Apologies for the delay.
So, Fang has left, leaving a note that says he’s going to “go find out what’s going on” (paraphrased). Nudge comes in and reads it too.
I felt frozen except for the burning hot tears starting to leak out. (pg 260)
In this context, “frozen” would seem to mean “unable to move” as opposed to “cold.” But crying isn’t moving, so in order for “except” to be warranted, it would need to be the heat of the tears that’s important, thereby meaning that “frozen” is being used literally. So, uh, Max? Put on a sweater.
Max kind of zones out from sadness and Nudge brings the others, who try to use a cookie as some sort of reviving salts. At this point, I’m pretty sure “cookies are good” is one of this series’ biggest morals next to “global warming is bad.”
Max’s mom has everyone else leave and talks to Max.
“You love him so much it feels like you can’t go on without him,” said my mom.
I had never admitted to anyone, even myself, how much I loved Fang. I bowed my head and gave a tiny nod. (pg 261)
A page ago, Max seemed to frame Fang leaving as being the straw that broke the camel’s back, so to speak, leading her to this extreme sadness. But apparently that’s not the case, and… Well, it’s quite interesting that JPatterson’s Strong Female Character who supposedly laughs at emotion and “weakness” is now falling to pieces over a boy.
Fang goes to Dr. Gunther-Hagen’s house to “get some answers.” So remember how Max found where the house was and then went to it and… was there and then left? And it was pretty pointless and awkwardly paced? Well, it would seem the only reason they found out where the house was was so that Fang could know where it was for the sake of the plot, but then Max had to go there in order to follow through with her motivations. Basically, it’s a bunch of clumsy plotting.
So, yes, it actually is important that Fang goes to the house because he gets stuck with a dart!
He started to swear, glancing around wildly for the shooter. Then his knees buckled, he swiped the dart away, and the world swirled around him. (pg 263)
Just how long was that swear that Fang couldn’t complete it in the time that it took him to look around? Or did he stop himself from finishing the swear for some reason? Why did JPatterson not bother to use clear language in a dramatic scene so that I would be even a little bit interested instead of wondering what the heck he meant?
Fang is seriously messed up, with broken ribs and a bunch of bumps on his head, etc. Angel is there, and says that after he woke up from the sedative that was in the dart he went berserk and had to be subdued, causing the damage to his body. He doesn’t remember this, and I really hope there was a reason for it happening other than JPatterson thinking it’d be cool to have Fang be beat up for a “dramatic” chapter opening.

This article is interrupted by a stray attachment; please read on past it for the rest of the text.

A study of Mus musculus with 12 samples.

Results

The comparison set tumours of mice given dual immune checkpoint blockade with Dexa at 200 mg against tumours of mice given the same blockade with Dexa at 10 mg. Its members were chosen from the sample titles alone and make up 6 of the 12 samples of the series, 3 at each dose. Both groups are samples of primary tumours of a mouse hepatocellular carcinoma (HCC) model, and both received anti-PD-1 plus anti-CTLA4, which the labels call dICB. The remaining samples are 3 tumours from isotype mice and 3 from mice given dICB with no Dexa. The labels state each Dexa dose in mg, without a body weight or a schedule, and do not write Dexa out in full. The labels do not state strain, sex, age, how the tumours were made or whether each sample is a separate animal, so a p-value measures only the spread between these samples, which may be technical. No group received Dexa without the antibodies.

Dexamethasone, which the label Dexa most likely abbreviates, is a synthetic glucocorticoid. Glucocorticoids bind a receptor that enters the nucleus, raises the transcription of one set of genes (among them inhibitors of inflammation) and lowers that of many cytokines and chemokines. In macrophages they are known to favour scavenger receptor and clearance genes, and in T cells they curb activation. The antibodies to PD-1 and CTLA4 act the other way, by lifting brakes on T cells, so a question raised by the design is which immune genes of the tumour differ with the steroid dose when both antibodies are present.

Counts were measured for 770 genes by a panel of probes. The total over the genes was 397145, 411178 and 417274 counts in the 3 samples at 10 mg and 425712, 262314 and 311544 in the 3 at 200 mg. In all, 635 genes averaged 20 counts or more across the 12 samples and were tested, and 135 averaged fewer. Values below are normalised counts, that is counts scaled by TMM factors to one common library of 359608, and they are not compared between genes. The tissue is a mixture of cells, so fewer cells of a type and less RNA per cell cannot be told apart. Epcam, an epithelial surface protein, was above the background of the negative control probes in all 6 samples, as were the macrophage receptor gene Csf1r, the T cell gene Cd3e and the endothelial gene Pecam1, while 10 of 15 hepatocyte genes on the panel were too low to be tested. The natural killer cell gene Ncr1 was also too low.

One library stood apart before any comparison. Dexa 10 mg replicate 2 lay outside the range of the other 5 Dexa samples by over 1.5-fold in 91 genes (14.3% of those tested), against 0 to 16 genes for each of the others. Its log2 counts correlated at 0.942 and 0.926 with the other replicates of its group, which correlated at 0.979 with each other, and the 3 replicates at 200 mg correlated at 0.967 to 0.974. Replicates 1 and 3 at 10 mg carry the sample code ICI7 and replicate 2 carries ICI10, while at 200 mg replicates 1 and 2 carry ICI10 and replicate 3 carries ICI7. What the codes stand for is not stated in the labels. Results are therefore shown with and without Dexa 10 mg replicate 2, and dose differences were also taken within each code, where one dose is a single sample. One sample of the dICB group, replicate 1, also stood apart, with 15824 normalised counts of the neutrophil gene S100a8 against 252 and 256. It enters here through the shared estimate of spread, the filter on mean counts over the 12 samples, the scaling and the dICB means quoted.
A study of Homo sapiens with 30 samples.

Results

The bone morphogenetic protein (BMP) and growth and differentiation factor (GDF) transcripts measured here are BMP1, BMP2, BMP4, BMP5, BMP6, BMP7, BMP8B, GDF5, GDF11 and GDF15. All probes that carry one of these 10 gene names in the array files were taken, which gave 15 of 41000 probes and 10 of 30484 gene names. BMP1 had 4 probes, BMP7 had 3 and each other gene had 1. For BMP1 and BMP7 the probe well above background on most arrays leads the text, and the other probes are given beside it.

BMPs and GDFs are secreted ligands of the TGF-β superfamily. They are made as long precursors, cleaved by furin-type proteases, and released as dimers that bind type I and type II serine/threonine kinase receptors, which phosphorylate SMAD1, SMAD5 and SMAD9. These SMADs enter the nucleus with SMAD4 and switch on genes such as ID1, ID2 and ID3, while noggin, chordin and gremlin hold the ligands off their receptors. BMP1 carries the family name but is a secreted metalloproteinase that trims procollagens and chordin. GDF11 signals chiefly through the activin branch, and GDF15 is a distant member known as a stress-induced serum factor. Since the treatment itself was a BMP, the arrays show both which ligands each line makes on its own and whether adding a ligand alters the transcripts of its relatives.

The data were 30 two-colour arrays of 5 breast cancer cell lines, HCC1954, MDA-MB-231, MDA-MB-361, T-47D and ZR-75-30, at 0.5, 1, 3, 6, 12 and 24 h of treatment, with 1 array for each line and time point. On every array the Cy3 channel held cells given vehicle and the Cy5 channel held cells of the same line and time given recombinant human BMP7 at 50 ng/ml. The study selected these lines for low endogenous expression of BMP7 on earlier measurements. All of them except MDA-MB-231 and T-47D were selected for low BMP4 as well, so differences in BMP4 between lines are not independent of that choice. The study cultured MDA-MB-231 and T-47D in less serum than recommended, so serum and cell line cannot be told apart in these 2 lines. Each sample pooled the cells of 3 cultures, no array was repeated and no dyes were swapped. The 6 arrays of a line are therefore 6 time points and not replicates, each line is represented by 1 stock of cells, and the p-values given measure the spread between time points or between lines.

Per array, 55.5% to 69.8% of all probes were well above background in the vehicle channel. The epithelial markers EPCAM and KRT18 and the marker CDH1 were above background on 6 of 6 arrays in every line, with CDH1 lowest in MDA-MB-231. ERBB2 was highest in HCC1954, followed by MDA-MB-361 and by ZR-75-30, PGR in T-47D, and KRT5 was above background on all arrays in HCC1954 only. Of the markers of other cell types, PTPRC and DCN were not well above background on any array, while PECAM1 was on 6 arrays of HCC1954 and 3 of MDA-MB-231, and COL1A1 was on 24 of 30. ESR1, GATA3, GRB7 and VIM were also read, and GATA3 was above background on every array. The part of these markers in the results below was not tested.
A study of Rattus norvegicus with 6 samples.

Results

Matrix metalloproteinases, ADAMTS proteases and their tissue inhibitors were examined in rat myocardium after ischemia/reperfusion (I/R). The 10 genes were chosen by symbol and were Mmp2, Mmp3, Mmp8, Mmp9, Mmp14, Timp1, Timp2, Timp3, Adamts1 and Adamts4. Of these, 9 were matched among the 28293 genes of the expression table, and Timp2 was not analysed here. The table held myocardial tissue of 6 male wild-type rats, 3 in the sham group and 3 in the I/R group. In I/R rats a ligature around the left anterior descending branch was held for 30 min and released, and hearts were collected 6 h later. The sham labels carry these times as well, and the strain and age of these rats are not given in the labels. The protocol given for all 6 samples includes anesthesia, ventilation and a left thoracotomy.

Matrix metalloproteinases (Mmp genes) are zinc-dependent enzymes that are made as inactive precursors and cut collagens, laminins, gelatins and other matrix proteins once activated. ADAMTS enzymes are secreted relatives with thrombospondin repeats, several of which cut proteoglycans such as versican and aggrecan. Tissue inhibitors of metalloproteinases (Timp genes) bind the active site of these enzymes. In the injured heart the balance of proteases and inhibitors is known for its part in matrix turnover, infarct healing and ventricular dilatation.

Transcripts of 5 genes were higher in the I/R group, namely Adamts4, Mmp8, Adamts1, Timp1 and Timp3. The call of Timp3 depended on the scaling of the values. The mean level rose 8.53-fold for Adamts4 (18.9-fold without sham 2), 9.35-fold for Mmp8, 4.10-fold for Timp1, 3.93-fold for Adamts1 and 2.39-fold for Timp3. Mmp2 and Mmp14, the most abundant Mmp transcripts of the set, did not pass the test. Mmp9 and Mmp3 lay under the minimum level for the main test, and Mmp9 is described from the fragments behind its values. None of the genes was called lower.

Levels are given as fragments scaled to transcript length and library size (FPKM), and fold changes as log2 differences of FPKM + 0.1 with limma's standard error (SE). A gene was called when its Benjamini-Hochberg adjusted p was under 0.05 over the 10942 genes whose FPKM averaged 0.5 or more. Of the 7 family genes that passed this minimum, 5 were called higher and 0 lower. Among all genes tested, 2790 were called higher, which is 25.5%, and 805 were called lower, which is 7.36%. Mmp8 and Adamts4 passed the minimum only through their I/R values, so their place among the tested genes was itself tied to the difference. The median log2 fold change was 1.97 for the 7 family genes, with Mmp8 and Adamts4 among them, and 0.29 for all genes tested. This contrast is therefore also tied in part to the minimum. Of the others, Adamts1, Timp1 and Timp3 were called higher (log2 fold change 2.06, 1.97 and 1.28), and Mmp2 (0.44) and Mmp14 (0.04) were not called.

Dr. Gunther-Hagen has injected Fang with a serum that’s supposed to improve his “personal evolution.” Then the Dr. talks about Dylan and how he’s so special and will soon be “paired” with Max. JPatterson actually succeeds at making him somewhat creepy. Now, if he could manage to make the Dr. even a little bit sinister or threatening, we might be going somewhere.
Fang became aware of a huge weight on his chest. (pg 267)
…Has JPatterson never actually learned how to write strong sentences? I mean, “became aware of”? Really? Was “felt” was just a bit too simple, or what?
The weight gets worse and Fang stops being able to breath and slowly blacks out. Angel is very concerned about this, and that makes me wonder if she didn’t have the same reaction to the serum, or if for some reason she wasn’t injected. Or what Dr. Gunther-Hagen even wants with her, given that he’s made his plans for Max (to be with Dylan and lead the flock) and Fang (to start his own flock and find a “mate”) pretty clear now. JPatterson seems pretty determined to simply not give basic information.
Fang’s heartbeat has stopped! Oh no!
“This wasn’t supposed to happen!” said Dr. Hans, looking upset. “This drug has been tested on many subjects!”
“But were they normal, to begin with?”
“Yes, mostly…” Dr. Hans trailed off. (pg 269)
If this is your idea of lively writing, I don’t know what to tell you. And, apparently it’s necessary to know that Dr. Gunther-Hagen is upset, but we don’t even get a dialogue tag for Angel? I mean, her line could be delivered a number of different ways and knowing how she’s saying it might actually be relevant. It’s certainly more relevant than telling us that Dr. Gunther-Hagen “trailed off” as if it wasn’t obvious.
Angel yells at Dr. Gunther-Hagen to do something, says that he promised Fang wouldn’t get hurt, but the Dr. says there’s nothing he can do because it’s “too late.” Now, maybe this is just me, but I might have the staff I have on hand try to figure out what’s gone wrong so Fang can be revived? Well, actually, I’d start by having staff on hand because apparently Dr. Gunther-Hagen does not!
Angel looks around for a phone but doesn’t find one, so she goes out to the terrace and tries to send Max a telepathic message, but she’s never done it from so far away so it might not work! (Spoiler alert, it does, and we see so on the very next page. Good drama, JPatterson.)
But, um. Does anyone else remember what Angel said earlier in the book?
“Nothing can last forever, Max.” … “And actually–I hate to tell you this, but Fang will be the first to die. And it will be soon.” (pg 28)
And now she’s all concerned over Fang’s apparent death? WHY?